Childhood Anxiety, Part 5: Taking action to control fear

IAN HOOTON / SCIENCE PHOTO LIBRARYWhat's your first reaction when approaching an anxiety-provoking situation? As adults, many of us can take a deep breath, grit our teeth, and face our fear - if we couldn't, there would be a sharp decline in the number of presentations at staff meetings. When kids feel afraid, though, many parents' first reaction is often to protect them - to remove them from the source of their fear so they can feel better! But how can parents help their kids learn to control their anxiety instead so they can overcome fear? This week, we've written about how kids can monitor and manage anxious thoughts and physical reactions to stress, but avoidance of fearful situations may be one of the biggest obstacles to coping with anxiety for both children and adults. Avoiding feared situations occurs because it works. Kids might immediately feel better if they cross the street to avoid getting too close to a dog. The problem with avoidance is that it can interfere with day-to-day functioning - the relief you feel when you've avoided fear can make the situation even more anxiety-provoking the next time around!

Facing feared situations can be risky, however. You hope that exposure to the frightening situation will help your child to realize it wasn't as scary as they expected, and it will be easier to face their fear next time. Parents who drop their kids off on the first day of school may be familiar with this. Many kids are nervous about going to school for the first time, but teachers work hard to make it a positive experience, and children gradually learn that school is not a scary place. On the other hand, if your child who is afraid of dogs gets bitten the first time he tries to pet one, his fear might increase! This is why we presented strategies to manage thoughts and physical reactions before talking about exposure - these techniques are meant to prevent fear from becoming overwhelming. When kids feel overwhelmed, it can interfere with decision-making and increase the likelihood that the situation will not be a positive one. It is this risk that makes it important to work with a therapist to ensure the best possible outcome if your child is coping with significant anxiety.

In cognitive behavioural therapy, or CBT, psychologists often recommend gradual exposure when treating anxiety. Some start with visualizing the situation, or looking at pictures, and giving their clients an opportunity to practice relaxation strategies and to challenge anxiety-provoking thoughts. After practicing in this way, they might gradually approach the feared situation with the knowledge that they have some control over their reaction. This is particularly effective when treating specific phobias, such as a fear of flying or a fear of riding in an elevator.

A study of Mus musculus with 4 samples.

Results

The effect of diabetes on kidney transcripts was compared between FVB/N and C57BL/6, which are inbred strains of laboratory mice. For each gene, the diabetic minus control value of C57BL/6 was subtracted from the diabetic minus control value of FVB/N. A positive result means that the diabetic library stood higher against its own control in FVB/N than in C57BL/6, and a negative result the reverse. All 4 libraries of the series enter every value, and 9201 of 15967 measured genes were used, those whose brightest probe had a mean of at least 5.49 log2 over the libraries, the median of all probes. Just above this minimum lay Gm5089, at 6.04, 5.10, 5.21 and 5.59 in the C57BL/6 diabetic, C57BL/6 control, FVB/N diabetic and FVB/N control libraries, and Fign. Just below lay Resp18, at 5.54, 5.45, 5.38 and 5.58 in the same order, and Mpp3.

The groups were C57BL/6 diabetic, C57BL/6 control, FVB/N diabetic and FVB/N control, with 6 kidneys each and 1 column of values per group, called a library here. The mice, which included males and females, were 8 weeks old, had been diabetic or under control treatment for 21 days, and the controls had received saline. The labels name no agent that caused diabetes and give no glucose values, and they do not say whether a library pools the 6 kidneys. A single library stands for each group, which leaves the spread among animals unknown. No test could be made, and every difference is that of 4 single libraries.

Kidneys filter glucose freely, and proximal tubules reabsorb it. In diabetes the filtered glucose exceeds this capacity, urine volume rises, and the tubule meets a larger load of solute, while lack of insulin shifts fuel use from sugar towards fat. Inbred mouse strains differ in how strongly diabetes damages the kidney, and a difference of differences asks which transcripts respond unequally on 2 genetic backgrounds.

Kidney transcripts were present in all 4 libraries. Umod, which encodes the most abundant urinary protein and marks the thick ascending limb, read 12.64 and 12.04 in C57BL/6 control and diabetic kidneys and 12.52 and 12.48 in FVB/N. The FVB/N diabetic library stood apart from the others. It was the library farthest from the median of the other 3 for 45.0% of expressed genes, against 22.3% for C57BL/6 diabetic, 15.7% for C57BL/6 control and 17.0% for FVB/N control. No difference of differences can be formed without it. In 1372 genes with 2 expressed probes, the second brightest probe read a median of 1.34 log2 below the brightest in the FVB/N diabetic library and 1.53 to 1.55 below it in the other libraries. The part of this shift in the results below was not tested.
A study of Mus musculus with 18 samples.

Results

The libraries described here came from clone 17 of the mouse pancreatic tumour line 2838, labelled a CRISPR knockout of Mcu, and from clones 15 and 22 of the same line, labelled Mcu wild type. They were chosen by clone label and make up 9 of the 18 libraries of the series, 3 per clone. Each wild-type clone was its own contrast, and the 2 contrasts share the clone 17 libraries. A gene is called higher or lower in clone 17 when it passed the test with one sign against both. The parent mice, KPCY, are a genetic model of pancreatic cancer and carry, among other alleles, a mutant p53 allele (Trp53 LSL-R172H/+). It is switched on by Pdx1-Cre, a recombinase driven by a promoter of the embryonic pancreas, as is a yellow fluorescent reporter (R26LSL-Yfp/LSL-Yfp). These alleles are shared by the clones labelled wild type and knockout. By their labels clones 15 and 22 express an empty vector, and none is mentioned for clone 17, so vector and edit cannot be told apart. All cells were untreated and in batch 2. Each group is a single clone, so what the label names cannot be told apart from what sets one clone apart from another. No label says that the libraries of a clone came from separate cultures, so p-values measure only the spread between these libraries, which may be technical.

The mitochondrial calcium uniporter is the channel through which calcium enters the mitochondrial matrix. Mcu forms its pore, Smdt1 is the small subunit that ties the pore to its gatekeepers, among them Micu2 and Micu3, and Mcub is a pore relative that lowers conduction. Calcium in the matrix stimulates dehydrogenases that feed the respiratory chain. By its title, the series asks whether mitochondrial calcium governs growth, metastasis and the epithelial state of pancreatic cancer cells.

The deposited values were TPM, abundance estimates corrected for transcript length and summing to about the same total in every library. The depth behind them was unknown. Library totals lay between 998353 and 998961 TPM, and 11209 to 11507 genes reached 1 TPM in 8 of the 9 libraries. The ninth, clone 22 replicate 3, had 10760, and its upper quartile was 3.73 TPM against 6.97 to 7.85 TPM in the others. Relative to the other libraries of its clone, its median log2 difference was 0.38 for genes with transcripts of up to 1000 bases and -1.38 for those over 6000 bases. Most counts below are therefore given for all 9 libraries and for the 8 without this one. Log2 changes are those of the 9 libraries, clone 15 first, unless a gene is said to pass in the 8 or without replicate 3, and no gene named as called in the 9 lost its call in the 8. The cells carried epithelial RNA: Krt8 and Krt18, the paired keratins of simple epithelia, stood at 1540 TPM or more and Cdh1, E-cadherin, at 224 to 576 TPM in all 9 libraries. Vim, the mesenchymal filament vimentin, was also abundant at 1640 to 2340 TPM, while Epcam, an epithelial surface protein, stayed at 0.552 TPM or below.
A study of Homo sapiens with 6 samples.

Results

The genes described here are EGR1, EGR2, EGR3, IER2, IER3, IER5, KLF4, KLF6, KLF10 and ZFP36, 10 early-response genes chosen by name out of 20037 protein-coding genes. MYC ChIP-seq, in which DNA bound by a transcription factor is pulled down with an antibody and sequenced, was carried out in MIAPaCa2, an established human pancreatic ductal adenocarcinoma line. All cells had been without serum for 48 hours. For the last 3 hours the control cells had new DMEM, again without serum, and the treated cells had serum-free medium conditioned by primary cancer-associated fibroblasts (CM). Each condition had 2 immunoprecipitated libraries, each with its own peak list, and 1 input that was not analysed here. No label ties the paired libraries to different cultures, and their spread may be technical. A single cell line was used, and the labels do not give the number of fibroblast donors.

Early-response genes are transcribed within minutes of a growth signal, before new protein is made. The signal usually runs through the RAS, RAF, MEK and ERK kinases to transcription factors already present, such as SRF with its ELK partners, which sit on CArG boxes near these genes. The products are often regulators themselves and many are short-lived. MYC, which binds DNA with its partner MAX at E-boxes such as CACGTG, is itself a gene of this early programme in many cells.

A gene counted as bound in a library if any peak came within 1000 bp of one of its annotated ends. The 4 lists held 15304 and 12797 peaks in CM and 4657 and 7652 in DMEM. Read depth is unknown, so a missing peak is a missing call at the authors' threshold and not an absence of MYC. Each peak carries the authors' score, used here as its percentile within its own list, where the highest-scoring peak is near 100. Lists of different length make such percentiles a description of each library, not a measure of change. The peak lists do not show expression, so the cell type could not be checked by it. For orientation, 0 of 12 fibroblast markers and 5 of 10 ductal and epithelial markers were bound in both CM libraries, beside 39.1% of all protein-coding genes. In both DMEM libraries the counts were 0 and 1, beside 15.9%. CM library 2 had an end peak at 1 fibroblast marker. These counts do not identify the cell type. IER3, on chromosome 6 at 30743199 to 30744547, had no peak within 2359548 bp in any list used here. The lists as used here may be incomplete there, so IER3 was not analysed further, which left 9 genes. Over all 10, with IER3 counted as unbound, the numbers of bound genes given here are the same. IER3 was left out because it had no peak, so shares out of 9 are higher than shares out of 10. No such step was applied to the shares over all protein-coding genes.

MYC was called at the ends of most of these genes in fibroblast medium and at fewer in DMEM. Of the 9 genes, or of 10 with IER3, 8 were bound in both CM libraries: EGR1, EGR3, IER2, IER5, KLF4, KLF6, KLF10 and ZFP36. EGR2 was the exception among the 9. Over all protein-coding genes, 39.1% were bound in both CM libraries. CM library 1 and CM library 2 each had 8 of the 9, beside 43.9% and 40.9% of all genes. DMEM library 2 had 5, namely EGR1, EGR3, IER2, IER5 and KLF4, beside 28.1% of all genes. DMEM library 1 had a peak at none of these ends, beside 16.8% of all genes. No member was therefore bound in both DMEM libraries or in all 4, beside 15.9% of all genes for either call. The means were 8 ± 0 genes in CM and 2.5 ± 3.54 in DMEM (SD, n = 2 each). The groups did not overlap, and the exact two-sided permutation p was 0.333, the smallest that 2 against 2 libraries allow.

Once your child has learned some anxiety-reducing techniques, such as positive self-statements and breathing exercises, they may be more willing to face the feared situation. If you can set up a situation that is somewhat controlled, you may be able to increase the likelihood of a positive experience. For example, if your child is afraid of going to school, you might be able to set up a visit after school hours, when there are few people in the building. You can set up a visit to the classroom so they'll know where it is, reducing their fear of getting lost. If the teacher is made aware of your child's difficulties, he or she may be able to remind them of their coping strategies, or allow them to take a break if their stress level rises. Parents and psychologists often brainstorm for solutions to make the exposure a beneficial one.

Here's an example. One of my kids was nervous about entering swimming pools when he was younger - although it's good to be aware of the dangers of being careless while in the water, his fear was preventing him from going swimming at all. With his life preserver and a parent nearby, the situation was as safe as it could be. He eventually entered the water and had a great time, but on a later visit, his face went under the water briefly and he panicked. We took him out of the pool, talked to him and calmed him down. Although he was reluctant, I worked really hard to convince him to come back in the water with me before we went home. It was important to me that he leave the pool with a positive memory, rather than a negative one. I was worried that if he avoided going back in, he would once more be fearful of swimming. He went in the water, we had fun for a little while, and he was willing to swim again next time. Now, he not only loves the water, but always works hard to face his fears! He even encourages his younger brother to try (appropriately safe) things when he's nervous.

Read Childhood Anxiety Part 1, Part 2, Part 3, and Part 4.